Uber drivers are ‘workers’

By February 25, 2021Employment Law

The Supreme Court handed down its decision in Uber v Aslam last week which confirmed that Uber drivers should be classed as workers and not self-employed.  This decision means that thousands of Uber drivers will be entitled to basic rights which include access to minimum wage, rest breaks, and paid holidays.

The case initially commenced in 2016 and has traveled up through the courts being appealed (unsurprisingly) by Uber at every turn.  The Supreme Court however is the highest court in Britain meaning this decision is the final say on the matter. 

The flood gates are now open for all Uber drivers to seek compensation which could lead to Uber facing a large compensation bill.

One of the main arguments put forward by Uber is that its drivers are not workers because the drivers can choose the hours they work.

The ruling concluded that Uber must consider its drivers as workers from the moment they log on to the app and are available to work in the area until they log off the app. 

The Supreme Court decided that because of the factors listed below, the drivers were in a position of control and subordination to Uber.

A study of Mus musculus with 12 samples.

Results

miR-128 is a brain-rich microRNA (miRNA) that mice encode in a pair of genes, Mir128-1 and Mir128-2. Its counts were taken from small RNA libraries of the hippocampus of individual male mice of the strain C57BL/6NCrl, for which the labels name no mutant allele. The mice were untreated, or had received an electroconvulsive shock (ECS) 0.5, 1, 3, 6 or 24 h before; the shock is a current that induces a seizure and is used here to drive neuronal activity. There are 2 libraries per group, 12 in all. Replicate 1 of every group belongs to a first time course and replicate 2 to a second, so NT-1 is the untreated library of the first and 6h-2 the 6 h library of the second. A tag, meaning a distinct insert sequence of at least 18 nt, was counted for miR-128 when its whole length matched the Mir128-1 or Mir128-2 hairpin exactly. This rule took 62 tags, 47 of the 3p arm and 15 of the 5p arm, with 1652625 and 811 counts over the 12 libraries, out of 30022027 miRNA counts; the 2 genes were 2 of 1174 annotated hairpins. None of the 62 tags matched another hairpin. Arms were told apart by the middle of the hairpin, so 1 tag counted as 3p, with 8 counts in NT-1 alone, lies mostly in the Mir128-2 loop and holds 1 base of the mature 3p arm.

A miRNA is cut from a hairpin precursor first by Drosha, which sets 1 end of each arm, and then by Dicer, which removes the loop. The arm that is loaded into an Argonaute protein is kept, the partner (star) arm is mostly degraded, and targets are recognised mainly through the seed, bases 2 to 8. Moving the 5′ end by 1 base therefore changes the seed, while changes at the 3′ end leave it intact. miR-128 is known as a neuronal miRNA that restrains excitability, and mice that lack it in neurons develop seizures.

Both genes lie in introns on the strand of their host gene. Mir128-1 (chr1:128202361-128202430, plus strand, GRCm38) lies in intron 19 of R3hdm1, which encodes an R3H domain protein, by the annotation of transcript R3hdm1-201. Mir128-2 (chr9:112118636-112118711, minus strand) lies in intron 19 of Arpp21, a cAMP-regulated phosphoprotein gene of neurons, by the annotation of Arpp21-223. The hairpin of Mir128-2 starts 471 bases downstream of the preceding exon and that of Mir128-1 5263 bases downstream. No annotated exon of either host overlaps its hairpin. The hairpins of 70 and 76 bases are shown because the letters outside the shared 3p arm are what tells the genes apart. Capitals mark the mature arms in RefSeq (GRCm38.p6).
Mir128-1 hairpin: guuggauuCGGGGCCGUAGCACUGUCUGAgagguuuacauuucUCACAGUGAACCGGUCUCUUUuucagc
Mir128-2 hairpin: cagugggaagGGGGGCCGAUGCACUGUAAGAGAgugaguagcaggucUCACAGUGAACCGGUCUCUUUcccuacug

• Uber sets fares which means they determine and control how much drivers earn
  • Uber sets the terms of the driver’s conditions and so the drivers have no input
  • Uber can penalize or terminate driver’s contracts if the drivers reject too many requests for rides and so the drivers are constrained by Uber
  • Uber monitors drivers’ service through a star rating and they can end their employer-employee relationship after warnings and the service does not improve.

The decision could well have huge ramifications not just for Uber but other industries which rely on a form of imposed “self-employed” contracts.  The case will no doubt prompt a shift in the way these companies work in the future and the face of the gig economy may well be affected.   For now, those Uber drivers not a party to this litigation will have to either litigate themselves and/or at least threaten to litigate in order to recover what is owed to them.   Unions may well assist also but it is unlikely that Uber will automatically rectify matters and give drivers the money they are owed.

For assistance with this or any employment-related query, please contact our Head of Employment, Ilinca Mardarescu.